To really combat terror, end support for Saudi Arabia - Owen Jones
Cutting the supply lines doesn’t look like a real option but it should be.
But this it, isn't it. The US and the West are allied with Saudi Arabia and the Gulf states (maj Sunni), Russia is allied with Assad and Iran (maj Shia). It's still the grand adventure and the cold war continuing to play itself out...
What is incrontrovertible is that from when the first protests began on February 5th there was a 5 week period leading up to March 18th where protesters weren’t being shot at. What should arouse suspicion in the inquiring mind is that unlike comparable events in other countries where protesters are shot at, these ‘protesters’ were not swayed by the guns and kept coming back for more day after day for months.
Pilger also states that the fix was in.
"Last year, the former French Foreign Minister Roland Dumas revealed that "two years before the Arab spring", he was told in London that a war on Syria was planned. "I am going to tell you something," he said in an interview with the French TV channel LPC, "I was in England two years before the violence in Syria on other business. I met top British officials, who confessed to me that they were preparing something in Syria... Britain was organising an invasion of rebels into Syria. They even asked me, although I was no longer Minister for Foreign Affairs, if I would like to participate... This operation goes way back. It was prepared, preconceived and planned."
It's certainly shaken us, partly because the location of most of the attacks, up above Place de la Republique is only 3 blocks from the apartment we stayed in on Rue du Temple back in 2008. Was a beautiful spot and that neighbourhood remains close to our hearts. So much so that we're going back there next July, flying Air France and will be in that neighbourhood again, on Bastille Day 2016. We were all very excited about it, but this weekend has made shit seem a lot more real all of a sudden. I have to say it has made me a bit nervous, but at the same time I can't imagine a better thing to do than going to Paris, and for people to keep on going there and celebrating what a great city it is.
One thing I've thought of, the Marais, right next door to the attacks has historically been both the Jewish and gay quarter of Paris. Did this play a part when locations were selected? I hope not, either way it's all really bloody sad.
The choice of venue sounds completely incongruous and slightly weird – perhaps there just wasn’t much in the way of ‘discreet’ venue hire.
It's one of THE celebrity venues of choice in London, apparently. Does seem a bit weird, but there you go.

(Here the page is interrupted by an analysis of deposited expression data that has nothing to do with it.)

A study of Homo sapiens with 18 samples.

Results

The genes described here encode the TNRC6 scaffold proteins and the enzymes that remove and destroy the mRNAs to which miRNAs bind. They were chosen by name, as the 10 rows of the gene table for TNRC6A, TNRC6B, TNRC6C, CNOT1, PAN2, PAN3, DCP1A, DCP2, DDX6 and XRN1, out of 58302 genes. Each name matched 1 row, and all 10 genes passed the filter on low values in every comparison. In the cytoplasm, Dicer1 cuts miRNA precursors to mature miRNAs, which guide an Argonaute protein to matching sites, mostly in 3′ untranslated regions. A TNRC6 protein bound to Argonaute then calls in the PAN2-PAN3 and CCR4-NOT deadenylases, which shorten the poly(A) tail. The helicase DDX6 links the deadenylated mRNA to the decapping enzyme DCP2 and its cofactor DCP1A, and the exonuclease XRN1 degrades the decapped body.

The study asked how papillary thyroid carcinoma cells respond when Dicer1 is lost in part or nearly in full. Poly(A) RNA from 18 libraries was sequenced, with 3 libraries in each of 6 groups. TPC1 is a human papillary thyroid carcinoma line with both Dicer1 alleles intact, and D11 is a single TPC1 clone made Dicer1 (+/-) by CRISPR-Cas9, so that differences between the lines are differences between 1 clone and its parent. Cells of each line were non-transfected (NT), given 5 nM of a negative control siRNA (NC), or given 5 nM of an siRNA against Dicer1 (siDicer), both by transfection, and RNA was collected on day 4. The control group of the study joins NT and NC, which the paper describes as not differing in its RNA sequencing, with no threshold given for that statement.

As one who takes a desultory interest in rugby at best - just tell me the final score - I have watched with interest how manly all this is.
The thing that really brought a lump to my throat at the end was seeing the women who were part of the All Blacks management group going up to get their medals. I can't say I know enough about their setup to know who they were but they were obviously equals within the group and were as excited as everyone else to be up there to receive them.
I don't know why that in particular got to me. I guess it just portayed in a small way that there is inclusivity in the team, and that this was a victory made by our people together, not just a bunch of macho guys on a paddock.
The Daily Mail article, instead of just the NZ Herald edit, actually has an excellent array of images from the game as well.
I can't stand the Daily Mail, but they do better sports images than pretty much any other online media.
They have done some amazing things within the team after the nightmare of the Mitchell/Deans era a decade ago. I have to totally eat humble pie as regards Hansen, I thought he was a monosyllabic mumbler who would take the team backwards post the 2011 RWC. How wrong I was, he's taken a good team and made them great, the results have been testament to that but also the actions, statements and reputation of this current group are impeccable. You can only do that if you're a great leader, and Steve Hansen is definitely that.
If you watch the ceremony at the end you will have seen the sheer size of the whole All Blacks group. Men and women, older players, fitness and technical staff, all ecstatic and obviously all completely together and overjoyed to be part of that setup. Felt like a small island of the best of NZ up there on that stage, no arrogance, just a group of hugely proud and satisfied professional people who were happy that they'd done us all proud.
It's a world of worry out there, so it was nice just to be able to accept for once that, yeh, this was a very good thing.
My first FA Cup was 1980. Brooking's goal had the same impact for me (on hating the Arsenal that is)
Yeh, that cemented it!
If that's what I think it was Pete, I would have kissed Mick Mills myself on that day in 1978.
You are absolutely correct. First FA Cup Final I ever saw. I've enjoyed seeing Arsenal getting beaten ever since.